THE original biographical material on the subject of Reynolds was supplied by his own contemporaries. His friend Malone wrote a valuable Memoir (1804), and his pupil Northcote furnished the first biography of the painter, the Life of Reynolds in two volumes published in 1813. A half century later (1865) was published the most comprehensive work on Reynolds in two large volumes by C. R. Leslie and T. Taylor. At about the same time (1866) appeared a book by F. G. Stephens, "English Children as painted by Sir Joshua Reynolds."

All these books have been long out of print, and there are now but two books of reference generally available. "Sir Joshua Reynolds," by Claude Phillips (1894), is a small volume, but it gives a fairly complete summary of the painter's works, with valuable critical comments. Sir Walter Armstrong's large and richly illustrated work "Sir Joshua Reynolds" (1900) treats the subject exhaustively, and contains a complete descriptive catalogue and directory of Reynolds's works—portraits and subject pictures—arranged in alphabetical order.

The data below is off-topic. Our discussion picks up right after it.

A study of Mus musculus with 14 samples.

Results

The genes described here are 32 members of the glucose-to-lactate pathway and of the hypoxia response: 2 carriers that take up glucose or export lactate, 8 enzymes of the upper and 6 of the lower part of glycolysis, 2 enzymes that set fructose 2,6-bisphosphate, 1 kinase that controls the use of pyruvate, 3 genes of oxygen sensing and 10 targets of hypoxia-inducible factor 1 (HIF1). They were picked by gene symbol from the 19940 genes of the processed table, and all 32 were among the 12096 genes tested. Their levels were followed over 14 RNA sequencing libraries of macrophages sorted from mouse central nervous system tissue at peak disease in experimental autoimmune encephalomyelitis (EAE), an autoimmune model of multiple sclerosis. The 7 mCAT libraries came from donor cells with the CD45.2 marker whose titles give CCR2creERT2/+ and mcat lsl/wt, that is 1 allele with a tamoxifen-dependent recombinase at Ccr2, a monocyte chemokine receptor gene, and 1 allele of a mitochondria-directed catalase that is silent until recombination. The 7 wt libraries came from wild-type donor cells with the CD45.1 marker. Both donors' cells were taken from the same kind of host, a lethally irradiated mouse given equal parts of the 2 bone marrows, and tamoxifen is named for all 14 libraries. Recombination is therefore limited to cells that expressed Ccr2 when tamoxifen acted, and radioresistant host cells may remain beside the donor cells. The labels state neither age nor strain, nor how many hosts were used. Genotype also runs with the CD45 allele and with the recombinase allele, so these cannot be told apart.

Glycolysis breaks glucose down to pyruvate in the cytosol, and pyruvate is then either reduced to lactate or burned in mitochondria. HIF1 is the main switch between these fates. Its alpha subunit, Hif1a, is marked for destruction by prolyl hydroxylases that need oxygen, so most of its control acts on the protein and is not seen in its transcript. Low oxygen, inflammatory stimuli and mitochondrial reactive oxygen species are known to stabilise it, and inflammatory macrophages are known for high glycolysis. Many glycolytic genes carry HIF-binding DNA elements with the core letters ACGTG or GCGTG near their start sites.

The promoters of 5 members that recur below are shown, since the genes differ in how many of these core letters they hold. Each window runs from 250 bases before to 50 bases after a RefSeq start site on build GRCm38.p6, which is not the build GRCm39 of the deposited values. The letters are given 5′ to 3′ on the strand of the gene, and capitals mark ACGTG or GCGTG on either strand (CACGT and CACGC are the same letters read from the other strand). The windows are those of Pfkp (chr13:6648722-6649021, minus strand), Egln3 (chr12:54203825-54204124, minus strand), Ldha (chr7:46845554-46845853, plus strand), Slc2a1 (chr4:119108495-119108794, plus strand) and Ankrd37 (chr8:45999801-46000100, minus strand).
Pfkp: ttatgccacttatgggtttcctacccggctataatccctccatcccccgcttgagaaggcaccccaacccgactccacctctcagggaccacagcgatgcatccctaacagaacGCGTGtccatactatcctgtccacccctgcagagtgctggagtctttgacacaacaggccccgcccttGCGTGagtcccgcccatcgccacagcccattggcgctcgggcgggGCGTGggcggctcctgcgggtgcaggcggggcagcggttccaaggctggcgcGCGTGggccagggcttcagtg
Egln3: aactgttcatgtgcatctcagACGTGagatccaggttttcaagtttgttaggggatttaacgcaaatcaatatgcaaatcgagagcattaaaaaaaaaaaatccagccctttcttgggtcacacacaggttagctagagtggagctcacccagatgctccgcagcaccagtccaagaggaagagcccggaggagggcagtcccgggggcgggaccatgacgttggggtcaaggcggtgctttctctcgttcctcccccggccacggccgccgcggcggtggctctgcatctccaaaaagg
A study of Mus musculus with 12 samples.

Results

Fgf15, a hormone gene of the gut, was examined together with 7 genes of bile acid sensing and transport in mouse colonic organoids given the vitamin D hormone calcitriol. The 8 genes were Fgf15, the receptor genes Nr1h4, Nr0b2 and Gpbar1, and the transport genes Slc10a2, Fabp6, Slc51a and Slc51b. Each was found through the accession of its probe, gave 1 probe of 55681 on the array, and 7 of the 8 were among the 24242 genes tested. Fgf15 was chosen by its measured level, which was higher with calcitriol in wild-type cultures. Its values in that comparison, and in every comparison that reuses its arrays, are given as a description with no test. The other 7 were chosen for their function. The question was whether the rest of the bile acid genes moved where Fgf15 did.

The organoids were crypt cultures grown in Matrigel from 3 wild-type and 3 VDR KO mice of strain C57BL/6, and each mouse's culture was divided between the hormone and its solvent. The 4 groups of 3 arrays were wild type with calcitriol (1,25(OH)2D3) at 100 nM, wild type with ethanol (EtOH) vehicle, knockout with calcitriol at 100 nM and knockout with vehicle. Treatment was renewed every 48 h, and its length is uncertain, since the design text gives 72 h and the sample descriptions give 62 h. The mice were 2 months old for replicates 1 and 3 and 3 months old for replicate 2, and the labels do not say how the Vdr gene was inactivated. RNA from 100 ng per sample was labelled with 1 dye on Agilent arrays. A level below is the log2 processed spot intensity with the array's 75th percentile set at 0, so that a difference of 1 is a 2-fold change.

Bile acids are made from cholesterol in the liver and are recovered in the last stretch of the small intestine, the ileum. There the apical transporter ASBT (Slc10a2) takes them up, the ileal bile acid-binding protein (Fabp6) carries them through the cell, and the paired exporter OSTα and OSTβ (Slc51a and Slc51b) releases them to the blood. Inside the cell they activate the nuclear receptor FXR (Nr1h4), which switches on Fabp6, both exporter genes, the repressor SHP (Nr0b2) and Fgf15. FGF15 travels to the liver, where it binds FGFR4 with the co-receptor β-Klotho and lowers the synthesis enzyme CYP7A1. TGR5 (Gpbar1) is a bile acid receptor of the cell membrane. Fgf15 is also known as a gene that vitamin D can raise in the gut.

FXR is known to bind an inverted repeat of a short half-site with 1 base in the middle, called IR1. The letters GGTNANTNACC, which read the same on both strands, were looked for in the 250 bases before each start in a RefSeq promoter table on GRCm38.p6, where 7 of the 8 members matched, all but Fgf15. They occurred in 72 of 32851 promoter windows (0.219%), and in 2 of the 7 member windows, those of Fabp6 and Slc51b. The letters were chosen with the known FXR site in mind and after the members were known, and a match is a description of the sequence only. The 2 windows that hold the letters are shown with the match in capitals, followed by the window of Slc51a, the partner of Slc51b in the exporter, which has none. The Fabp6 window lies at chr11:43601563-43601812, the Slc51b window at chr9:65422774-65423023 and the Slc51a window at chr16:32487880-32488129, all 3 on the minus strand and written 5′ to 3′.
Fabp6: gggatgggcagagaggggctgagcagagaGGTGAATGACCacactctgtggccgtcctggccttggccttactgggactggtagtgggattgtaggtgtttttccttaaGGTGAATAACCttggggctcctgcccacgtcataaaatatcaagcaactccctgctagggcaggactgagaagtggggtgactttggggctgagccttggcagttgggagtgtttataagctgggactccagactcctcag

There is an immense bibliography of memoirs of the period of George III., and such books throw an interesting light upon the lives of many of Reynolds's sitters. Some of the most valuable are Horace Walpole's "Letters," Fanny Burney's "Diary," Mrs. Piozzi's "Memoirs," and Wraxall's "Memoirs."

In addition to these, Boswell's incomparable "Life of Johnson" presents a series of vivid pictures of the life of the period, and contains many anecdotes of the friendship between Reynolds and the great lexicographer.

Reynolds's lectures and writings fill two volumes of the Bohn Library. Of these the twelve discourses delivered before the Royal Academy are the most valuable, and have been reprinted in various editions. The most recent is that of 1891, with notes and a biographical introduction by E. G. Johnson. Intended as means of instruction to beginners in painting, these lectures deal with general principles rather than with practical technique, and are not to be taken as expository in any measure of Reynolds's own art.